Donnelly, Katherine: Recovering from the Loss of a Sibling, 1988
An extremely well-written, compassionate guide for the millions of people who come face to face with a death in their own families When a brother or sister dies, surviving siblings often receive little support or recognition of their pain. But their grief is real, and there is a way to recover from it. Through intimate, true stories and interviews with brothers and sisters who have lost a sibling, expert-on-grief Katherine Fair Donnelly provides valuable insight on how to survive this traumatic experience. Recovering from the Loss of a Sibling is the first guide dedicated to those who have lost a brother or sister and presents practical ways they can take the necessary steps toward recovering from their devastating loss.
DeVita Raeburn, Elizabeth: The Empty Room – Understanding Sibling Loss, 2007
Ted is Elizabeth DeVita-Raeburn's older brother, best friend, and the "ringmaster of her days." On a September morning when she is six, she wakes up and Ted is gone. Her parents explain that he went to the hospital for a while. "A while" turns out to be eight years in a plastic bubble, where he dies of a rare autoimmune disease at age seventeen. The Empty Room is DeVita-Raeburn's unflinching, often haunting recollection of life with Ted, woven into a larger exploration of the enormous -- and often unacknowledged -- impact of a sister's or brother's death on remaining siblings. With an inspired blend of life experience, journalistic acumen, and research training, DeVita-Raeburn draws on interviews of more than two hundred survivors to render a powerful portrait of the range of conditions and emotions, from withdrawal to guilt to rage, that attend such loss. Finding little in professional literature, she realizes that those who suffer are the experts. And in the end, it is DeVita-Raeburn and her experts who present a larger, more complex understanding of the sibling bond, the lifelong impact of the severing of that bond, and the tools needed to heal and move forward.
The Empty Room is a fascinating literary hybrid in which Elizabeth DeVita-Raeburn seamlessly fuses deeply affecting remembrance with a pragmatic, lucidly written exploration of the healing journey.
Fanos, Joanna: Sibling Loss, 1996
Despite the rise of clinical interest in posttraumatic stress disorder and traumatic stress in children, there has been little attention paid to the impact of sibling death as a traumatic event. Although there is much evidence that children suffer long-lasting consequences of such trauma as divorce or the loss of a parent, the loss of a sibling has not been the topic of substantial clinical or research attention. The sibling relationship has only begun to receive research and theoretical attention. The complexities of the sibling bond as it changes and evolves over the lifespan have only begun to be explored. The death of a child has generally been considered one of the most stressful events encountered by families in our society. The chronicity of illnesses such as cystic fibrosis is in a sense new, an outgrowth of recent advances in medical treatment which have considerably extended the lives of children stricken with leukemia, cystic fibrosis, HIV-infection, diabetes, and others. This book explores the long-term consequences of chronic illness followed by the death of a sibling on adult adjustment. The illness and loss of the child will have a direct impact on the siblings, dependent upon their own capacity to give meaning to its occurrence and to mourn the loss effectively. In addition, the sibling's world will be inexorably shaped by the handling of the illness and loss by the parents.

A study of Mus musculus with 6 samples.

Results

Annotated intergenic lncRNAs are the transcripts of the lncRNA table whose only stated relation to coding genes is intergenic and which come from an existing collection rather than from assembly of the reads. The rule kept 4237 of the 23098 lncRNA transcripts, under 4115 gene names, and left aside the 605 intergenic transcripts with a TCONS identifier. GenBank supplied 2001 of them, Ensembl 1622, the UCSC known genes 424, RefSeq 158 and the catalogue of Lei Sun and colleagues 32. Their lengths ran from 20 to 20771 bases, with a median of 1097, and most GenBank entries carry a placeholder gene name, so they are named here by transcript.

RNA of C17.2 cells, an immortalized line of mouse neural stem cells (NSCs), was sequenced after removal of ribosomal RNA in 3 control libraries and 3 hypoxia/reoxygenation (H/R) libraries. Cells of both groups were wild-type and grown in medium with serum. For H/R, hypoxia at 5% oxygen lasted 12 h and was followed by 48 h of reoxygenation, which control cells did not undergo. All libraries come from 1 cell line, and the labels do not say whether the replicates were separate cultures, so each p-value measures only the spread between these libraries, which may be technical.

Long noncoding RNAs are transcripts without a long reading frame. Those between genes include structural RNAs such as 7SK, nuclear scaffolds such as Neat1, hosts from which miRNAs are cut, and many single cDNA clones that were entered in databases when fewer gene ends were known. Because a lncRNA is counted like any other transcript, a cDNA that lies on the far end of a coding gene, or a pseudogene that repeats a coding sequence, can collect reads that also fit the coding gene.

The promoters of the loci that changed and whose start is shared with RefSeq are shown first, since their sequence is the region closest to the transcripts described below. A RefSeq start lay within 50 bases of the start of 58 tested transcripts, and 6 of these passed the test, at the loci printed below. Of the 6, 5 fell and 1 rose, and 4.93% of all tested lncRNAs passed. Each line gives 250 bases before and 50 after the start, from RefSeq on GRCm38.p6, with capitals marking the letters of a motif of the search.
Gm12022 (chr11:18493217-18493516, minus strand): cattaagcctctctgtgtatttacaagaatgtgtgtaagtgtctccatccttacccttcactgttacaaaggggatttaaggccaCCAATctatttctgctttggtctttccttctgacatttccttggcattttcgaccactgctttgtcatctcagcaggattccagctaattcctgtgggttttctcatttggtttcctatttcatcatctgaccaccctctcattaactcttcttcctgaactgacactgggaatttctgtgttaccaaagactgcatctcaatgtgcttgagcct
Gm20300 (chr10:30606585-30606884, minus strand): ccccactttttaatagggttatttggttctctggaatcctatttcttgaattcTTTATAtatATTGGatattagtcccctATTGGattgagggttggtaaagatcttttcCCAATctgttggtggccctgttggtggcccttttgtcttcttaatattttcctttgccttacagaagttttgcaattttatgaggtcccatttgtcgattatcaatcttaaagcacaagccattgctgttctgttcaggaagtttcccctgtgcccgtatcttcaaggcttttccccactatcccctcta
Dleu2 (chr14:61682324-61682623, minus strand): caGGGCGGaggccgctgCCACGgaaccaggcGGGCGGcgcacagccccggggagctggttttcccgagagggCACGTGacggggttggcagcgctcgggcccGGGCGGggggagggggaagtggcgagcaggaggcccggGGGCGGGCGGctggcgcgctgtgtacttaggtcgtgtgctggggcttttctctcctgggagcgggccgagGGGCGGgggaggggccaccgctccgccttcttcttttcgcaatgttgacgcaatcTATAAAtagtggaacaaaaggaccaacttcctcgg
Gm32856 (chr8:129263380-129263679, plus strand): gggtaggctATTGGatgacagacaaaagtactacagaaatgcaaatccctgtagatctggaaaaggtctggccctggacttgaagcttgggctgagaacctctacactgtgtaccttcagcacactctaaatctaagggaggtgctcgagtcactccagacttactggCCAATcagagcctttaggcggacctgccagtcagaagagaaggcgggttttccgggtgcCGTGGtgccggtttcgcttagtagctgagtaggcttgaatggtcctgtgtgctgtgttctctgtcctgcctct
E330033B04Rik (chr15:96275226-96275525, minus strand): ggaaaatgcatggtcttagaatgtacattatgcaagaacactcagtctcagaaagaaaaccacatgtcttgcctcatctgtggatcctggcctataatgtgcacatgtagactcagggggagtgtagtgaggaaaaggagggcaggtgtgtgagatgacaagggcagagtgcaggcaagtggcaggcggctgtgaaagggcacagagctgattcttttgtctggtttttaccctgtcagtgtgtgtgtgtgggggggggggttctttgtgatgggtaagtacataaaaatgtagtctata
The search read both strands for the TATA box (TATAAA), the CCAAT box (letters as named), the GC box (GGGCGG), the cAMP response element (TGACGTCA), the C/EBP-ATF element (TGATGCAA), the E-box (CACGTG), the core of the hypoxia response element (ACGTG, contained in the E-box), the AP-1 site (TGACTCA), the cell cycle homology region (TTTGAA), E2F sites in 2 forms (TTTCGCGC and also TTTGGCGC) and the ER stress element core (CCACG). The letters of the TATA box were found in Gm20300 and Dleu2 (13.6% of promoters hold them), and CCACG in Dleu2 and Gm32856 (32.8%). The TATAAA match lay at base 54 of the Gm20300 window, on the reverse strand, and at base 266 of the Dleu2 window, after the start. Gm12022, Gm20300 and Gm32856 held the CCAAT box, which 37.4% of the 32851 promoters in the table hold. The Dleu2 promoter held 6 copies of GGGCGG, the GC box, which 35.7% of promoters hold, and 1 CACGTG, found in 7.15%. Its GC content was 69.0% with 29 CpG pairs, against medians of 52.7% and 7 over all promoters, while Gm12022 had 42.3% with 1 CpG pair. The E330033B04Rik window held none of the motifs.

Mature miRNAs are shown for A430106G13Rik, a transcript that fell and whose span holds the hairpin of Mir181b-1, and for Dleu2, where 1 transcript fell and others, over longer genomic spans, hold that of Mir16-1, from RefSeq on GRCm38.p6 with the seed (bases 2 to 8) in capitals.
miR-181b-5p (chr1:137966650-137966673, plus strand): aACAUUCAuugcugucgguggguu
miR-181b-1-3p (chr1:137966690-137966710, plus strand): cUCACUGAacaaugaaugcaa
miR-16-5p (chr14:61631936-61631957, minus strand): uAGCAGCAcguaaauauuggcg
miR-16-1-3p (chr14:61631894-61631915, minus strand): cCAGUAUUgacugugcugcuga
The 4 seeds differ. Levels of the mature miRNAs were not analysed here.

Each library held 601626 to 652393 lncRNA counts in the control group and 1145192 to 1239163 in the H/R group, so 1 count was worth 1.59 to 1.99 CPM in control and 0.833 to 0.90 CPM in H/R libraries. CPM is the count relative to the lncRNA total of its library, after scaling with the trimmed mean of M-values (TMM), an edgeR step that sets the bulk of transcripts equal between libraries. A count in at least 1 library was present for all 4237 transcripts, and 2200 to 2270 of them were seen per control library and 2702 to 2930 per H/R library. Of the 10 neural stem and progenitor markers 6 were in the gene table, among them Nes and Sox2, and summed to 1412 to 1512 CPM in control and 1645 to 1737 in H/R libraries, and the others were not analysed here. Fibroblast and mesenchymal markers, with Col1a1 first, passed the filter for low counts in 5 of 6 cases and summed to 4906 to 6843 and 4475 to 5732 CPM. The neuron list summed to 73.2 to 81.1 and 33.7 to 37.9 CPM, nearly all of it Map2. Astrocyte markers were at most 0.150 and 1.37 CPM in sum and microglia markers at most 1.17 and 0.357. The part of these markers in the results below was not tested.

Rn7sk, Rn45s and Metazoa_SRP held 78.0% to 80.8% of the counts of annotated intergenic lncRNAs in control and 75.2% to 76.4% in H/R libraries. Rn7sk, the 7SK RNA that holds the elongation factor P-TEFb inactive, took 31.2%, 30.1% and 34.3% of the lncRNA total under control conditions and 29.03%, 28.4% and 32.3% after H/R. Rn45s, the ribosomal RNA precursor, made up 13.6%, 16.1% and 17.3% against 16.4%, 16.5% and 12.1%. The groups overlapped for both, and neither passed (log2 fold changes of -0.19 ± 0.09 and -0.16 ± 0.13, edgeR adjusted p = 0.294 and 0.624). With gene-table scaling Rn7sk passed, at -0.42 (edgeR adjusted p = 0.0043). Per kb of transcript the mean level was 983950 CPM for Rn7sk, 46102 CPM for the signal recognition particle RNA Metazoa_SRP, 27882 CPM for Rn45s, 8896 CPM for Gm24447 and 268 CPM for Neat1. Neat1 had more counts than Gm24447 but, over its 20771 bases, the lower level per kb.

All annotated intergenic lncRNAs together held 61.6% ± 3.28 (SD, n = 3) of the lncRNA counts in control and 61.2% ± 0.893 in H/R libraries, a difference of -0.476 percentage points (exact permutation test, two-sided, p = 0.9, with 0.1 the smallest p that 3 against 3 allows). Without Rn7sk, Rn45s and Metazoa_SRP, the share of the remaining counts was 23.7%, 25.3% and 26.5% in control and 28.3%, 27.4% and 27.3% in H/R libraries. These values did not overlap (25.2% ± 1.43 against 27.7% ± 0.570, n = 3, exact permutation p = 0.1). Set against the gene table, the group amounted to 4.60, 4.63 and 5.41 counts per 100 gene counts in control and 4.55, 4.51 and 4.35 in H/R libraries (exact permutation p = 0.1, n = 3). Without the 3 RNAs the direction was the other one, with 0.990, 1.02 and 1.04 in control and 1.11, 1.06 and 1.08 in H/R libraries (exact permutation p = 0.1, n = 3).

Gill White, P: Sibling Grief: Healing After the Death of a Sister or Brother, 2006
P. Gill White, PhD, was only fifteen when her sister Linda made her swear not to tell anyone about the pain she had in her side, fearing it would spoil an upcoming family vacation. Linda died four months later from a rare form of cancer. White and her family never talked about the loss until decades later, when memories began to haunt her. Sibling Grief is White's validation of the emotional significance of sibling loss. She draws on both clinical experience and her own deeply personal experience, along with wisdom from hundreds of bereaved siblings, to explain the five healing tasks unique to sibling grief. White also describes the dream patterns of bereaved siblings, showing how healing is reflected in the dream state. Throughout, she illustrates the long-lasting connection between siblings-a connection that death itself cannot sever.
Wray, TJ: Surviving the Death of a Sibling: Living Through Grief when an Adult Brother or Sister Dies, 2003
When T.J. Wray lost her 43-year-old brother, her grief was deep and enduring and, she soon discovered, not fully acknowledged. Despite the longevity of adult sibling relationships, surviving siblings are often made to feel as if their grief is somehow unwarranted. After all, when an adult sibling dies, he or she often leaves behind parents, a spouse, and even children—all of whom suffer a more socially recognized type of loss. Based on the author's own experiences, as well as those of many others, Surviving the Death of a Sibling helps adults who have lost a brother or sister to realize that they are not alone in their struggle. Just as important, it teaches them to understand the unique stages of their grieving process, offering practical and prescriptive advice for dealing with each stage. In Surviving the Death of a Sibling, T.J. Wray discusses: searching for and finding meaning in your sibling's passing; using a grief journal to record your emotions; choosing a grief partner to help you through tough times and dealing with insensitive remarks made by others. Warm and personal, and a rich source of useful insights and coping strategies, Surviving the Death of a Sibling is a unique addition to the literature of bereavement.